Monday, June 18, 2012
There are times I miss that format of communication. Short magazines can be not only incredibly gratifying to make but also extremely helpful to a particular audience. Like, say, tourists who are in town for one weekend and want to know what the cultural heartbeat is. My family and I recently visited the metro-Asheville area and picked up an abundance of monthly/bi-monthly/yearly printed magazines. Actual hard-copy, some glossy, some newsprint arts-and-culture magazines.* I pored through them, cover-to-cover, to find calendar listings, articles about restaurants, ads that looked cool, and information about local theaters. And, guess what!, we actually visited a few of the places we could (our limited schedule + business hours didn't always mesh).**
I understand the move away from print: it's expensive, it usually requires more than one person to make (writers don't often make good designers and vice versa), there may be advertising that has to be sold, planning, etc etc, ad nauseum. Building a website may be more labor-intensive up front, but is simply plug-n-play later on, and can be maintained by one person. But the downside to a website is this: audiences still have to find it. You can't put it under their nose at the local theater and the cool dive restaurant and at the Convention and Visitors Bureau and at the hip downtown store and at the local brewery with a tasting room and and and. You get my point: helping folks, whether tourists or locals, find out about cultural offerings requires repetition. A community which relies on a website is probably not going to get the kind of buzz they're hoping for. And a community which doesn't even offer one for the general public, but instead has a handful of independent bloggers covering the multiple scenes, will find itself again and again wondering why folks are still ONLY going to the S/O/B or Broadway touring shows instead of homegrown programming available.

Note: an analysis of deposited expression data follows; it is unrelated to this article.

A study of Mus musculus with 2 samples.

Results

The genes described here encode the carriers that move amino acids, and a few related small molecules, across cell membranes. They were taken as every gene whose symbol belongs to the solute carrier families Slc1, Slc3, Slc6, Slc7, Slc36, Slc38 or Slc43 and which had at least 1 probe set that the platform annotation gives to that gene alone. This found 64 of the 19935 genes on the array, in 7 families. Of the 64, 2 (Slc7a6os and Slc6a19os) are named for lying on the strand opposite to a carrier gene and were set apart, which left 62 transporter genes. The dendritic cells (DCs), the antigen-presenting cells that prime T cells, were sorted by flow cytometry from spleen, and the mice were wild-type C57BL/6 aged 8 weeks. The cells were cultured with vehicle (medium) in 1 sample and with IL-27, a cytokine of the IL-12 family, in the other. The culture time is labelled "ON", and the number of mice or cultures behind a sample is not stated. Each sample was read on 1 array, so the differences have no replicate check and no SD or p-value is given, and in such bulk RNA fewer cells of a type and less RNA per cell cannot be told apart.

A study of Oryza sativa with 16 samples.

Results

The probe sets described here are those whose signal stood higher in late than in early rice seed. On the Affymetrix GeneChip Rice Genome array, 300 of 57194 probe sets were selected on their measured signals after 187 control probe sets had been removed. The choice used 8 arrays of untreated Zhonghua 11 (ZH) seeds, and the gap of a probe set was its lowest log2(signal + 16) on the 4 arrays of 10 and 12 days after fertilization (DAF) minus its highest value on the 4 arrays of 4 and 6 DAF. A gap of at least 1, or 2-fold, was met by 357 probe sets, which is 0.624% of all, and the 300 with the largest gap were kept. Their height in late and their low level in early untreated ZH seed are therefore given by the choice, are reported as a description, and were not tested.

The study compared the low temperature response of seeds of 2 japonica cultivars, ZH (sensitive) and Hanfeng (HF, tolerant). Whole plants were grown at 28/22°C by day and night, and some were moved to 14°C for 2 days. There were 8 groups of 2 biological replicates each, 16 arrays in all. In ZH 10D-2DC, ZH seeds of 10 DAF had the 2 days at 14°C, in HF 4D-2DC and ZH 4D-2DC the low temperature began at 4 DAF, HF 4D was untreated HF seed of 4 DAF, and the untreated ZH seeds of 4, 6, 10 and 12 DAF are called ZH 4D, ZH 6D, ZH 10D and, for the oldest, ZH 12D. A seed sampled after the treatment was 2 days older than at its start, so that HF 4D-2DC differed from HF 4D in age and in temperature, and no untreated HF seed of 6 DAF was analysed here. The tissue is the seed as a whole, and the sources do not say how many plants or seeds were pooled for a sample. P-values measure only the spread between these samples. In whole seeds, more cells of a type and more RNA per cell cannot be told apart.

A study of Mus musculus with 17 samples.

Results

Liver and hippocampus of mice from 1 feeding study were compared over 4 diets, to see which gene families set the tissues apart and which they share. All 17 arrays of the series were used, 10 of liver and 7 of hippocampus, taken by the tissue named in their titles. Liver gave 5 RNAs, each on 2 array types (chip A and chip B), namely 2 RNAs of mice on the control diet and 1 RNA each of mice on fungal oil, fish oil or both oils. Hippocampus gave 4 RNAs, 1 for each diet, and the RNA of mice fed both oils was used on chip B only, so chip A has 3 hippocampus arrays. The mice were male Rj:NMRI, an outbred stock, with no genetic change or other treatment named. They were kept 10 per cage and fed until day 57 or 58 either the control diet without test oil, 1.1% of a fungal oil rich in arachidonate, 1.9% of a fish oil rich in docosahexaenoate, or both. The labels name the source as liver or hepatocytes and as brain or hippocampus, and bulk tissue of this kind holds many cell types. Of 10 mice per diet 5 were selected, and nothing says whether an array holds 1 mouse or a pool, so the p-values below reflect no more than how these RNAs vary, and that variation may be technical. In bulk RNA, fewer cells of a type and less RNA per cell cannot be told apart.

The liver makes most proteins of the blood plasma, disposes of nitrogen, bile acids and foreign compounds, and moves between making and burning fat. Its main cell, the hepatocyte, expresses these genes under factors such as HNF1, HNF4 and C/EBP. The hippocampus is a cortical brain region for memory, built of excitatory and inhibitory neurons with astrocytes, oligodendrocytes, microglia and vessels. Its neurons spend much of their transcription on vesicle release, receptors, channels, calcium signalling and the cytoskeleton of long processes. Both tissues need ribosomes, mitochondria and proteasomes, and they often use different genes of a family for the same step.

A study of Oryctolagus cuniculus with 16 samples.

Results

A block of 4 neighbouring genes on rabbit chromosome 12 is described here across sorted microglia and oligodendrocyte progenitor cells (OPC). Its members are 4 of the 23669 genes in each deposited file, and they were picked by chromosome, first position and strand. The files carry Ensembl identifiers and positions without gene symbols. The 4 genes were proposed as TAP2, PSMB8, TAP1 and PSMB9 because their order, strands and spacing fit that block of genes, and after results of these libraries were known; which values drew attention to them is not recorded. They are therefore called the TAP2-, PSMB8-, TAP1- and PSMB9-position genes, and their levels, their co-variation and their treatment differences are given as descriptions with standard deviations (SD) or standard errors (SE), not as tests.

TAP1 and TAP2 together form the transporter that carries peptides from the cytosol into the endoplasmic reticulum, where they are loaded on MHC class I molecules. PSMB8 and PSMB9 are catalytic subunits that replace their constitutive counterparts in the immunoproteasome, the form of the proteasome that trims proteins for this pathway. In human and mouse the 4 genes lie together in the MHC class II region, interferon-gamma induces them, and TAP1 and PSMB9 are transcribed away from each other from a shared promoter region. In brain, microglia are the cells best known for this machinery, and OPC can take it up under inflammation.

It needn't be elaborate. It needn't be that expensive. It doesn't necessarily even need to be well-written (is there such a job as "copy editor" any more?). What a local culture rag does need is to be omnipresent.
*Full disclosure: there were some beer-related ones in there, too.
**And I happen to be one of those crazy people who tells the business where I found out about them. After all, I want to know my ROI. Wouldn't they?
Sunday, June 10, 2012
What a phenomenal weekend at the Americans for the Arts annual conference, held in beautiful San Antonio, TX. I have so many anecdotes, stories, lessons, and meetings I want to process and share.
It's been over 15 years since I've flown anywhere, 16 since I've worked a conference, and--unless you count a layover in Dallas when I was 8--I've never been to Texas. This had felt very magical, at times surreal, and I've had to think of it as my debutante ball in the arts administration world. The weekend had made me question what my path is and what the next steps are I need to take.
I will share many of the stories and insights soon, after I've had a chance to reflect and, well, unpack (miracle of modern technology: writing this on my phone in an airport). For now, I just want to thank the folks who were instrumental in making this weekend happen:
*Megan Cornett, director of Marketing, Admissions, and Communications for the graduate programs at Goucher,
*Katja Hill, who bravely tackled the box office while I was gone,
*MariaLaura Leslie, my networking partner and famous colleague,
*Kim and Dulcie, my Goucher table cohorts,
*Kristina, my link to brisket and beer,
*Ramona, the most perfect program director and the big picture thinker to my detail planner,
* and the most spectacular Liz, my AA fairy godmother and mentor.
Yeah, the music played me off stage a while ago. I'll say more later.